Artie K. PERKINS, Appellant, v. STATE of Florida, Appellee.
Artie K. Perkins appeals the summary denial of his motion for postconviction relief. Of the fourteen issues raised, only the claim that Perkins did not receive the full benefit of his plea bargain appears to have merit. The denial of the motion as to that single issue is reversed and remanded with directions.
On February 15, 1995, Perkins entered a plea of nolo contendere to numerous charges. He was sentenced to concurrent terms of ten years' imprisonment as a habitual offender. Perkins claims that he was advised by his attorney that his state sentences would run concurrently with the sentences to be imposed in a pending federal action. However, the federal court advised Perkins that state court orders are not binding on the federal court and ordered that the federal sentences be served consecutively to the state sentences. Perkins states that, had he known that the state court could not bind the federal court in the manner promised, he would not have entered into the plea agreement.
At the end of the plea colloquy, defense counsel stated that “the court has previously indicated it wouldn't have any objection if the sentence would run concurrent with the federal matter.” The trial court responded that it had no objection and concluded the sentencing by stating, “Concurrent with whatever federal sentence he receives.”
The State contends that this portion of the plea colloquy merely indicates that the trial court had no objection to concurrent sentences and that the disposition of the federal sentences was not part of the plea agreement. We are not persuaded. Even though the promise of concurrent sentences was not part of the written plea agreement, the transcript reveals that the trial court accepted the condition requested by defense counsel without objection from the State. And, there is nothing in the record to put Perkins on notice that the trial court's order would not be binding on the federal court. Therefore, Perkins' statement that he relied upon his counsel's representation and the trial court's pronouncement of concurrent sentences is sufficient to support a claim of an involuntary plea and is not refuted by the record.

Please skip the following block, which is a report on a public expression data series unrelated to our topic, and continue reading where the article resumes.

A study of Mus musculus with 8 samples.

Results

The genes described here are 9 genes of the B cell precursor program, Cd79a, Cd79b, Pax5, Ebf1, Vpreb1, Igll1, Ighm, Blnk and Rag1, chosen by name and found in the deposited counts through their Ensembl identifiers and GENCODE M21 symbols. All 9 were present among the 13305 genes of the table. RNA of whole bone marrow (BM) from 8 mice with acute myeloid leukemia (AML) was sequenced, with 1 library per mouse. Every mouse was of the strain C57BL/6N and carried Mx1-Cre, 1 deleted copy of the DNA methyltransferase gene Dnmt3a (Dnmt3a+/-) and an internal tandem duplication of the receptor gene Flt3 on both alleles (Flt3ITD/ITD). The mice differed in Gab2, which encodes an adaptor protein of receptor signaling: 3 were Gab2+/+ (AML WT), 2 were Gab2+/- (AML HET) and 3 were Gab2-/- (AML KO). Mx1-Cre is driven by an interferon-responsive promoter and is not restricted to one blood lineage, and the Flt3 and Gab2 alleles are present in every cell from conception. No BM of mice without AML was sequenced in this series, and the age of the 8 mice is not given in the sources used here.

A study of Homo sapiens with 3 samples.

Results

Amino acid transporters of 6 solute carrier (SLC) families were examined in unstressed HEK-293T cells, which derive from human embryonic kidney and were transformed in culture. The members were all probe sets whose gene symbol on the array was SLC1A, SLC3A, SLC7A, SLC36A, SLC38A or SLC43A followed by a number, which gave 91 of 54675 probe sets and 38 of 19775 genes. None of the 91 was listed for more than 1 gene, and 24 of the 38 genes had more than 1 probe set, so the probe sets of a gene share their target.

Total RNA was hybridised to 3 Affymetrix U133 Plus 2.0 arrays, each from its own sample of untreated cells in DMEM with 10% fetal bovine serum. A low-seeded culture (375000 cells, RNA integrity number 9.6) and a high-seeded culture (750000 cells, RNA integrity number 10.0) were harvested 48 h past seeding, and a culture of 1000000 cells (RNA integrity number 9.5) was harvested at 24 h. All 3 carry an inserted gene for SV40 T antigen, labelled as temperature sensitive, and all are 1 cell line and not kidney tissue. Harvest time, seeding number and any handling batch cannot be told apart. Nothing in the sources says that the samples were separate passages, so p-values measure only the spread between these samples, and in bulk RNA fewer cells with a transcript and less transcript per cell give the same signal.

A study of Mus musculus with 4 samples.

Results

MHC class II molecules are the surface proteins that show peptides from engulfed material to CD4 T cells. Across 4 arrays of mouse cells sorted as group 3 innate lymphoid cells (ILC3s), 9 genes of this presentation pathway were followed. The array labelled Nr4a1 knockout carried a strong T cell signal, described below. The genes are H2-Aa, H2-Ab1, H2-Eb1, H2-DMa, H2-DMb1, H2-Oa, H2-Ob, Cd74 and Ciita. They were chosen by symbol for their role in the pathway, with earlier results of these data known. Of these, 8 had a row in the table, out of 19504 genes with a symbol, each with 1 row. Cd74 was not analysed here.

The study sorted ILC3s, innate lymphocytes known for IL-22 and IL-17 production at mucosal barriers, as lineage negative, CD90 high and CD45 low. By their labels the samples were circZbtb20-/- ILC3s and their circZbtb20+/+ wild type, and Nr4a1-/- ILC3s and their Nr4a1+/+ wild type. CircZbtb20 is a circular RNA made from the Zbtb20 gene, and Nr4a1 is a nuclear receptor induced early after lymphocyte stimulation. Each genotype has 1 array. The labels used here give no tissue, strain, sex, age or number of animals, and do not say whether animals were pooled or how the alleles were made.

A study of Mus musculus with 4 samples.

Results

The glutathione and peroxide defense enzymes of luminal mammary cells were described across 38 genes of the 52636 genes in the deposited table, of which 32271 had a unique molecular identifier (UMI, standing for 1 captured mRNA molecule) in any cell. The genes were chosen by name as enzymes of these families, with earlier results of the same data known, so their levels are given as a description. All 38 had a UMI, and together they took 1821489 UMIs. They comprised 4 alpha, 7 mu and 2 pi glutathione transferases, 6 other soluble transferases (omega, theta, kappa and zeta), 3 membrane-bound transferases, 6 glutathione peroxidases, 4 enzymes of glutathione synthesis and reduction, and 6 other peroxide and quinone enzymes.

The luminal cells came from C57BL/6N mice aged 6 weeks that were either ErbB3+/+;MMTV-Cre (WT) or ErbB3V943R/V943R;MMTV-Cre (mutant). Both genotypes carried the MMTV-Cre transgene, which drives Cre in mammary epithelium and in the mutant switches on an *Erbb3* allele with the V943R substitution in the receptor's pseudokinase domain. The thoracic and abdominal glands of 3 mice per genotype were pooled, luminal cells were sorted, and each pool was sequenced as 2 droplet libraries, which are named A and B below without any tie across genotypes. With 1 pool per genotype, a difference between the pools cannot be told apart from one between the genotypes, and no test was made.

Since Perkins did not receive the sentence he bargained for, he must be resentenced with directions that the sentence imposed be served concurrently with the federal sentence. Should this intent not be fulfilled by the resentencing, Perkins must be allowed to withdraw his plea. See Goodwin v. State, 477 So.2d 1089 (Fla. 4th DCA 1985).
Affirmed in part, reversed in part and remanded for further proceedings.
DANAHY, A.C.J., and ALTENBERND, J., concur.